All or Nothing thinking is when you evaluate your life in extreme terms: It’s either perfect or a disaster. You can only do it one way or not at all. It’s distorted thinking and I’ve been known to practice it.
I love how I feel once I begin moving so it’s weird to think I spent years barely giving myself a ten minute walk alone.
I walked everywhere when I was young. Spent hours outside. My body, heart and soul resonate deeply with walks. I also used to cycle everywhere, cycling wasn’t exercise, it was my means of getting around. The muscle memory is dormant in my legs, but it’s still there.
When I got pregnant the first time, I curbed my walking, literally.
My first reason was valid.
We had terrible ice and snow and I could slip. From that point the reasons and excuses tumbled. Then I was a new Mom, time was short and I was tired. My walks were short with the buggy because of nappy changes, food needs, naps, schedule (all valid) Everything else came first.
I let it fall away. If I couldn’t get a good walk I wouldn’t go at all.
I had decided that if I couldn’t get at least 45 minute walk it wasn’t worth it (sound familiar?) And so, I didn’t. I was still in the working world so I got some movement for a while….. Then I was pregnant again and home.
It took almost nine years before I chose to make it my priority. As a person who identified so strongly with walking and cycling I was doing nothing to show that I cared about it. I had spent the last eight years, crouched beside small people, pushing, encouraging or carrying them. My partner mentioned he couldn’t remember the last time I went for a walk, even the less than five minute walk to the shops. ‘I’ll drive because I have so much to pick up’, I reasoned.
At the beginning of last year I began walking for me, with my partner. Still thinking it had to be a GOOD walk.
Together, we carved out the time, when the kids were at school, and walked together.
It had been so long that my partner, who’s walked to work for at least the last ten years, could hear something in my footsteps sound a bit off. I had been hunched over my little people for so long I needed to re-learn my stride. Re-learn WALKING!! That was a big lesson in humility for me. Kindness, patience and acceptance meant that those walks were slow and I consciously had to correct my posture and stride over and over until it became unconscious again.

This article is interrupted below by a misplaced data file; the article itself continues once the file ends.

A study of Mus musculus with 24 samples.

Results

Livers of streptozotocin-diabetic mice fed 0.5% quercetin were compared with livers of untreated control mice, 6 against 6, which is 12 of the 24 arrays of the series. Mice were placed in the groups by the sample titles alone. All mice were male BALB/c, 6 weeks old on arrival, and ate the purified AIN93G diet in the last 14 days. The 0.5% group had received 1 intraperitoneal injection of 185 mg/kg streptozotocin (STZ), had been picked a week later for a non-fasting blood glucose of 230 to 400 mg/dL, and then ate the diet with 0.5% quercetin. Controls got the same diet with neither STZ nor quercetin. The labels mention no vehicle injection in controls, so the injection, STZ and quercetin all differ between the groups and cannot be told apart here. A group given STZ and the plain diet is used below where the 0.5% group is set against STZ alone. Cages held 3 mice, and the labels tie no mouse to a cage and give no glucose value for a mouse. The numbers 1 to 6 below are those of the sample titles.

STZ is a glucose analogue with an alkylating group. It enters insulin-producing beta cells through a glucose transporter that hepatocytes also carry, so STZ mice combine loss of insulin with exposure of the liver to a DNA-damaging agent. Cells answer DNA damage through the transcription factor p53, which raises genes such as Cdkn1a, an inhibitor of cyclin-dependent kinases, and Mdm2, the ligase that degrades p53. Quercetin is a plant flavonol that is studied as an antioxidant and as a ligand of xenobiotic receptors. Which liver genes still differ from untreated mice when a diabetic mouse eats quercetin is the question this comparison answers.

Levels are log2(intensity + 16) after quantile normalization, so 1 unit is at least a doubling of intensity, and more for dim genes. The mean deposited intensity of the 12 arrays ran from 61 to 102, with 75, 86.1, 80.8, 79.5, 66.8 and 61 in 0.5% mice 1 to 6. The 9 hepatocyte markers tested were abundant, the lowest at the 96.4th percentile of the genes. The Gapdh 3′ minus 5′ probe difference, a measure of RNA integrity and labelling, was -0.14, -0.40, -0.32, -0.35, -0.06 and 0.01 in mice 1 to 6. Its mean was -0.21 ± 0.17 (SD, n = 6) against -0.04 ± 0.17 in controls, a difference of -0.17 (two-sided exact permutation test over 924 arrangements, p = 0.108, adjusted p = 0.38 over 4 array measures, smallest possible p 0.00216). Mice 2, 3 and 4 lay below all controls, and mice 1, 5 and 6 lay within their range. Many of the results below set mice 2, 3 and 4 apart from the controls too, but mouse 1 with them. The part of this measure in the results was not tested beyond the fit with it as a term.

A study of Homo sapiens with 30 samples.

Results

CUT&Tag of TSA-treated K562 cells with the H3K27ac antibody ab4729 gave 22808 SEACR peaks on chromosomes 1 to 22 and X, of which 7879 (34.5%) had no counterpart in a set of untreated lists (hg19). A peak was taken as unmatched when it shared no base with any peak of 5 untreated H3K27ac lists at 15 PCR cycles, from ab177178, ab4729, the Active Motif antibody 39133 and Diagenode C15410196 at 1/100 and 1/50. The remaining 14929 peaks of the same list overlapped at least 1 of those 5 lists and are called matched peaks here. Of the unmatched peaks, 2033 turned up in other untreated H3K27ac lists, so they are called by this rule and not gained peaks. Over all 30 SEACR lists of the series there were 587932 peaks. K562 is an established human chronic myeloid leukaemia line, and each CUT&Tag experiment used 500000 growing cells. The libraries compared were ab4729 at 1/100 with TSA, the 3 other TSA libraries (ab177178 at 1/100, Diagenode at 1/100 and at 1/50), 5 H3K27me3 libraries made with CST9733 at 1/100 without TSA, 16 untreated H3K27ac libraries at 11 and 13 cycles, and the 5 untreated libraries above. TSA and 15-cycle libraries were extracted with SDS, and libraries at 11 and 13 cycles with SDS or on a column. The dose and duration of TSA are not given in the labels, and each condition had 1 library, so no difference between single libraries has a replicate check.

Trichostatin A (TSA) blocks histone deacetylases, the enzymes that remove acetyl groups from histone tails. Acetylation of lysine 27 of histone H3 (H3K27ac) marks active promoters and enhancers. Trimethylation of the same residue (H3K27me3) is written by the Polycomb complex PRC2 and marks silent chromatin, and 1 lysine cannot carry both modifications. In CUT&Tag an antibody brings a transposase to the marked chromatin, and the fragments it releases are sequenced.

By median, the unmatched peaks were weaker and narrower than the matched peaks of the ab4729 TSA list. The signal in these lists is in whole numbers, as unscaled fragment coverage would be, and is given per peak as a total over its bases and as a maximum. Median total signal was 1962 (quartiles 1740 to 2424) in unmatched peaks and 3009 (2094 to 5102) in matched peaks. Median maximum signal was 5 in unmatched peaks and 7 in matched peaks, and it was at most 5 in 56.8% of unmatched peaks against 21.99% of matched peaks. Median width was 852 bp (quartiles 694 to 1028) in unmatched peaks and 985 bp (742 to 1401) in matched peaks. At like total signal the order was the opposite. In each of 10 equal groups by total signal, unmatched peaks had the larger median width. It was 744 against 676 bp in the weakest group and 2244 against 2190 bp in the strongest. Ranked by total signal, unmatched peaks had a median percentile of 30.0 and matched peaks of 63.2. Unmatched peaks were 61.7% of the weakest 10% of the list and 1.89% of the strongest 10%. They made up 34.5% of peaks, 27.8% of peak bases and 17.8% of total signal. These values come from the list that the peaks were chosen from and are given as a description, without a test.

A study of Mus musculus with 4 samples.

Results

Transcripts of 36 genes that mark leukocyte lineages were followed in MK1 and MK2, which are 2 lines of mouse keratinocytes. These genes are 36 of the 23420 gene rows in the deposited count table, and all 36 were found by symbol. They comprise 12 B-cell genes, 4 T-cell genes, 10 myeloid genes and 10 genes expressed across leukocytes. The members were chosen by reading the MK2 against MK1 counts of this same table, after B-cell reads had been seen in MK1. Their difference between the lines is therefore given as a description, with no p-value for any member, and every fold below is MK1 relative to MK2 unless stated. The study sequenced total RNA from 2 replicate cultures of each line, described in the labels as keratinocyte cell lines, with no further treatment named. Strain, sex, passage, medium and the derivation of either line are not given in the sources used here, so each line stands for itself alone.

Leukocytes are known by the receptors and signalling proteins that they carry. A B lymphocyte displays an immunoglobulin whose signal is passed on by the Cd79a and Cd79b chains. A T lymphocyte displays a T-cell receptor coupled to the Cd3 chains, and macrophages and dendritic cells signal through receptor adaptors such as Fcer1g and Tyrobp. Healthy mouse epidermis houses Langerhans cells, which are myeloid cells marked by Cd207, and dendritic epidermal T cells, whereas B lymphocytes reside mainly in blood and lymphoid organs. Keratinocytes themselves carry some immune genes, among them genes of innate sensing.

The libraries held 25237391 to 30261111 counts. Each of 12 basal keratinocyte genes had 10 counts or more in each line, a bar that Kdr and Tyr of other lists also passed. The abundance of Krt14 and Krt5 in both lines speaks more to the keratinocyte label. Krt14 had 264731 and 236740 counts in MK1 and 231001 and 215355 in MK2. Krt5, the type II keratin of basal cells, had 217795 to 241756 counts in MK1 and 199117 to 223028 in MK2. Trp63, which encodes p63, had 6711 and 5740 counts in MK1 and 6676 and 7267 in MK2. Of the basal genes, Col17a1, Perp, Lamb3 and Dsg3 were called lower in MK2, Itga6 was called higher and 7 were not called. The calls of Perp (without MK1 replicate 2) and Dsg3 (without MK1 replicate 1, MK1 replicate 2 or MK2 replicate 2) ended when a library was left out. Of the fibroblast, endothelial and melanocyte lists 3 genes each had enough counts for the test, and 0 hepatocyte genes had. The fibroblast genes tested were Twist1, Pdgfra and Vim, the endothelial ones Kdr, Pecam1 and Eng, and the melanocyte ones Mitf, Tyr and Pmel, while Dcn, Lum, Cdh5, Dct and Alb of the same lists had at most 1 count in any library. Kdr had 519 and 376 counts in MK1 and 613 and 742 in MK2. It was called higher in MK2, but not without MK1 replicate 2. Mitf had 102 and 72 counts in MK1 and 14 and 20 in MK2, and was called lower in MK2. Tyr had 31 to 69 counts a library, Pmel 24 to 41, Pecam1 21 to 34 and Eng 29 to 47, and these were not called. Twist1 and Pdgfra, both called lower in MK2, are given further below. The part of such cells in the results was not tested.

I had decided, again (and if I decide it’s real right?) that if I didn’t get an hour it wasn’t worth it. But the hour became more than an hour, with getting to the prom and returning (and I could only walk on the prom because it was the nicest place to walk!!!)
This kind of thinking slowed my progress.
A couple of months in, once or twice we got a 2 1/2 hour walk and I was thrilled. An adult human companion, my legs stretched, hips wide open, and the time to talk, walk, meander through topics. I was in heaven. THIS was the ideal. This is what I needed to make time for. THIS was the only way to go.
This was my Everest. The only way to walk. So why bother doing anything else?
THIS wasn’t feasible in the long term.
My thinking restricted my movement again.
Then the pandemic.
It highlighted to me how important it was to get outside, to move every day. My stress and uncertainty needed a space to breath in and walks were the answer.
My body was remembering how good walking felt.
Perks included fresh air, the sky, looking at new things, nature, observing other people, getting lost in my head, podcasts, MY music, room for my thoughts, a moment to call a friend. So much was opened up to me. I was allowing a new rhythm to form.
As I add in other wants and needs to take care of myself I have noticed walking fall away once in a while. When that happens, my mental health is weaker, I’m prone to stinkin’ thinkin’. I have lighter sleeps, I’m more agitated. My body has lost the place it expresses my pent up energy.
Now, I give myself room and grace for change.
I want daily meditation, and to do at least a one minute plank everyday. I also want walks. I want to develop my coaching business and put the work into that. I also want walks. I want to show up, be present and listen to my children……. WALKS.
Today, I walk around my block. It was right outside my door ALL ALONG!
It’s not my Everest, not the best view, not an hour.
It does give me fresh air. It refreshes my thinking.
My block is such that I go downhill and uphill, so I’ve begun running one leg of the walk as an experiment. My calves love the uphill because I was born on my tip-toes. It takes about twenty minutes. I can even do it twice or three times in a day if I want. I’m reminded that I’m flexible and if I want more things to happen I have to bend.
I will get my Everest again. Because I love it and it’s important to me.
I will value it and take joy in it when it happens. Right now I have this.
It’s not All, it’s not Nothing. It gives me more of something I want and I really enjoy it.
Best of all, I’m sleeping like a rock.
If you want to learn more about All or Nothing thinking I really enjoyed this article in Psychology Today by Toni Bernhard J.D. that outlines it in a way I find easy to understand.